Top Story

Gold shines even if US stocks defy gravity; Trump in focus

Gold ended its winning streak on Monday as traders eased off the gas ahead of tonight’s much-anticipated speech by US President Donald Trump and this week’s other fundamental events. The precious metal is little-changed so far in today’s session but the lack of any follow-up selling pressure could be a sign for concern for the bears. Indeed, despite this week’s hesitation, gold remains in a strong upward trend and probably in the watch list of many potential buyers. The metal’s recent strength in the face of a generally strong dollar and rapidly rising US equity prices is remarkable and unambiguously bullish. After all, a rising stock market usually suggests investors are seeking racier assets over perceived safe haven gold and silver. But apparently this isn’t the case. So, it does make you wonder what is really going on. Is gold about tank or the stock markets? Of course both could go up together as they have in recent times, but typically they have a negative correlation. Given the almost parabolic-like rally in the US stock markets, I do wonder for how much longer the bulls will be able to sustain this rally. It would not come as a major surprise to me if those who bought stocks in anticipation of Trump’s fiscal plans now take off their positions and thus cause the indices to retreat. But there is no way of knowing this in advance. As far as gold is concerned and given its recent positive relationship with US stock markets, it may not respond to the equity markets in the usual negative way in response to Trump’s speech. But it could nevertheless move sharply if there is a correspondingly big move in the dollar tonight.

Gold’s strong bullish trend intact

Gold is currently stuck in a rather strong bullish trend as characterised by shallow retracements followed by quick trend resumption. Thus, Monday’s retreat from the 200-day moving average, while noticeable, could prove to be another ploy to get the bears trapped before it continues higher. Monday’s pullback occurred after a three-day up move. So it may well have been driven by profit-taking from the bulls rather than short selling from the bears. Whatever the reason, until and unless there is a break in market structure of higher highs and higher lows, there is little reason to feel bearish on gold. Either that or if we see some bearish price action beforehand. Consequently, I am expecting the last resistance area of around $1240-44 to now turn into support, should gold get there. As things stand only a break below the last significant low at $1231.50 would render my bullish view invalid.

Now, there is a possibility that we may see more decisive bearish price action around some important levels that are fast approaching. At this stage, though, it is impossible to predict what kind of a reaction, if any, we will get should gold get to those levels. In any case, it is always worth noting them in advance in case we do see a trend reversal. As per the chart, $1269 was the last support level prior to the breakdown. Once support, this level could turn into resistance upon re-test. Slightly higher, around the $1275-85 area, is the convergence of the bearish trend line with the 61.8% Fibonacci retracement level against last year’s high. What gold may do next will depend, in part, by price action there: a sharp rejection could see it pull back in a meaningful way, otherwise it will be a case of onwards and upwards.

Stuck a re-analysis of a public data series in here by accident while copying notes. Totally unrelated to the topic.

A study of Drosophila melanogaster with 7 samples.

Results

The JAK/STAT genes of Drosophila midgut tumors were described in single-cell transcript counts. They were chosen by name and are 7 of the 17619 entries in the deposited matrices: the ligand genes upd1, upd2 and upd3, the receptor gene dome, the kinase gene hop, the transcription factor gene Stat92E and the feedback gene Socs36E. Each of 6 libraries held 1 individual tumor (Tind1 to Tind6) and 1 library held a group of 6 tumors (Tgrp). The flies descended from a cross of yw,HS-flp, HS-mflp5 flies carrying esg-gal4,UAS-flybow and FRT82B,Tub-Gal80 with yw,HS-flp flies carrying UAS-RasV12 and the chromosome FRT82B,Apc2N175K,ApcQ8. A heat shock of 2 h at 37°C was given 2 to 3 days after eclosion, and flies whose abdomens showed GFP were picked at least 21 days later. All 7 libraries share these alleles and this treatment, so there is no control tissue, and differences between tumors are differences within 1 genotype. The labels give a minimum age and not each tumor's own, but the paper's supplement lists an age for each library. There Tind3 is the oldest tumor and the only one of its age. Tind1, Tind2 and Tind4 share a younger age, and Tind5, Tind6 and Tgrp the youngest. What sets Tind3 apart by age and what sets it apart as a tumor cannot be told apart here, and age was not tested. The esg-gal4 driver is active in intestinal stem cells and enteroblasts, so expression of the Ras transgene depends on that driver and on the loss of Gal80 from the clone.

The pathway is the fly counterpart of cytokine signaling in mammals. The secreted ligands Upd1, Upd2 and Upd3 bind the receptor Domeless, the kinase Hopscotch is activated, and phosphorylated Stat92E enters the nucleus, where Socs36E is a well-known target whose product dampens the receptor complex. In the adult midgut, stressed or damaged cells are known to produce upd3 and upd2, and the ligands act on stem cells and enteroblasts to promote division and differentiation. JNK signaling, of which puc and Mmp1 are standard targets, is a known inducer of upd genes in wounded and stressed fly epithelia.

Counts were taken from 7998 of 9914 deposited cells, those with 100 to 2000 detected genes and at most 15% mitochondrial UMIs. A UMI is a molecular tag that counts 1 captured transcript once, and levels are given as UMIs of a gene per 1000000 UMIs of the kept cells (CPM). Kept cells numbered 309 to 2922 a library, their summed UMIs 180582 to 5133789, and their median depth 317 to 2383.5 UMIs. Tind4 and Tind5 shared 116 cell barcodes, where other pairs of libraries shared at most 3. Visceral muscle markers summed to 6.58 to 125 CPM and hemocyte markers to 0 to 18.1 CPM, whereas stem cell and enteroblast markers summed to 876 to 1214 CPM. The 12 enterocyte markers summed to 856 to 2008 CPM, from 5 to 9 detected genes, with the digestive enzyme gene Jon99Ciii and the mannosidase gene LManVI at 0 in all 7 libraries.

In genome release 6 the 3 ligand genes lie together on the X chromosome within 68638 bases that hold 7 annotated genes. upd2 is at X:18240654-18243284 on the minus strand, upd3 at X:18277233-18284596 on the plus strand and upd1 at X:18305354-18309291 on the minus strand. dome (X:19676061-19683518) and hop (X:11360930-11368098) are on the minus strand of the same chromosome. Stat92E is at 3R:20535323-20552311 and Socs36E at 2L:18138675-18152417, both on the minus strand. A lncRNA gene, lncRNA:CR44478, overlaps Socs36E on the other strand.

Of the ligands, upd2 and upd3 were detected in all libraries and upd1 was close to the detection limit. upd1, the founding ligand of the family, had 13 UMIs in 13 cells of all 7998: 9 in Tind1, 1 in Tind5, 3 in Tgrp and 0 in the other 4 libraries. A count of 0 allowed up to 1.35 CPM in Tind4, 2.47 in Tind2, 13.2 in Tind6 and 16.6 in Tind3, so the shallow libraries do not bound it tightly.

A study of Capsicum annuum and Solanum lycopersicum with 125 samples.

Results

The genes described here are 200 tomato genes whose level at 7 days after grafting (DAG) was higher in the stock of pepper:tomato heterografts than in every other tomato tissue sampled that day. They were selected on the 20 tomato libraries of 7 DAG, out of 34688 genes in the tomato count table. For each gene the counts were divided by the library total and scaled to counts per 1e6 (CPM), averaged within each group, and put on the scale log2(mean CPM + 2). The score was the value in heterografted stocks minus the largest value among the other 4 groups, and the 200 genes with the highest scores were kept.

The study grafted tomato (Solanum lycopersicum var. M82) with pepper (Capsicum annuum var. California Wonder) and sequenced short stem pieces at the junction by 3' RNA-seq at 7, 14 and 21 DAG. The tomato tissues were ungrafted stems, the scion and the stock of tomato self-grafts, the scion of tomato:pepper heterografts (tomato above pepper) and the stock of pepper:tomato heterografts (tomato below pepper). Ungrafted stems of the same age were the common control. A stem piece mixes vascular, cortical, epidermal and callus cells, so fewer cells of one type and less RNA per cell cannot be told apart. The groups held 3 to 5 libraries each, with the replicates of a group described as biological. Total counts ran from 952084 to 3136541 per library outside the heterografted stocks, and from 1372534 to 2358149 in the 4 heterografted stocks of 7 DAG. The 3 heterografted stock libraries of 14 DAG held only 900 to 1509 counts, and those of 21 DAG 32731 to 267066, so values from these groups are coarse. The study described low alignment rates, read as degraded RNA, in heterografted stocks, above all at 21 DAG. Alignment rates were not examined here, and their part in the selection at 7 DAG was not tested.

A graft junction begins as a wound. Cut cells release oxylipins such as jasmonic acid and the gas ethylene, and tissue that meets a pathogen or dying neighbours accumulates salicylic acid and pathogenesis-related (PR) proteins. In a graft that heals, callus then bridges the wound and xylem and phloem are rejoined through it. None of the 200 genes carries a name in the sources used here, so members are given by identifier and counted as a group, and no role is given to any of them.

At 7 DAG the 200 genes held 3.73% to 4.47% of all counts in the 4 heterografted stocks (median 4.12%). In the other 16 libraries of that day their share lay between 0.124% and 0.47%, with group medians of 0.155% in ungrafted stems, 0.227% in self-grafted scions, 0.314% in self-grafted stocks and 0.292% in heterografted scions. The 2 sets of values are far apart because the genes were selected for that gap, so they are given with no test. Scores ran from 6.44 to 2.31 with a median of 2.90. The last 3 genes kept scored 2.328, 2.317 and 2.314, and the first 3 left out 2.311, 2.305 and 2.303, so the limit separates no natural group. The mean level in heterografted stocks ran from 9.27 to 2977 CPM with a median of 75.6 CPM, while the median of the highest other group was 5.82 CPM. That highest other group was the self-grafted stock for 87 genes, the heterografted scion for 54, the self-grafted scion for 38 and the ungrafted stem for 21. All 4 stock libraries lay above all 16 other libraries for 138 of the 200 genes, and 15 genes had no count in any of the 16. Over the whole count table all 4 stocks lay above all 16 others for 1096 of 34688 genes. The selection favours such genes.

Source: eSignal and

Disclaimer: The information on this web site is not targeted at the general public of any particular country. It is not intended for distribution to residents in any country where such distribution or use would contravene any local law or regulatory requirement. The information and opinions in this report are for general information use only and are not intended as an offer or solicitation with respect to the purchase or sale of any currency or CFD contract. All opinions and information contained in this report are subject to change without notice. This report has been prepared without regard to the specific investment objectives, financial situation and needs of any particular recipient. Any references to historical price movements or levels is informational based on our analysis and we do not represent or warranty that any such movements or levels are likely to reoccur in the future. While the information contained herein was obtained from sources believed to be reliable, author does not guarantee its accuracy or completeness, nor does author assume any liability for any direct, indirect or consequential loss that may result from the reliance by any person upon any such information or opinions.

Futures, Options on Futures, Foreign Exchange and other leveraged products involves significant risk of loss and is not suitable for all investors. Losses can exceed your deposits. Increasing leverage increases risk. Spot Gold and Silver contracts are not subject to regulation under the U.S. Commodity Exchange Act. Contracts for Difference (CFDs) are not available for US residents. Before deciding to trade forex and commodity futures, you should carefully consider your financial objectives, level of experience and risk appetite. Any opinions, news, research, analyses, prices or other information contained herein is intended as general information about the subject matter covered and is provided with the understanding that we do not provide any investment, legal, or tax advice. You should consult with appropriate counsel or other advisors on all investment, legal, or tax matters. References to or GAIN Capital refer to GAIN Capital Holdings Inc. and its subsidiaries. Please read Characteristics and Risks of Standardized Options.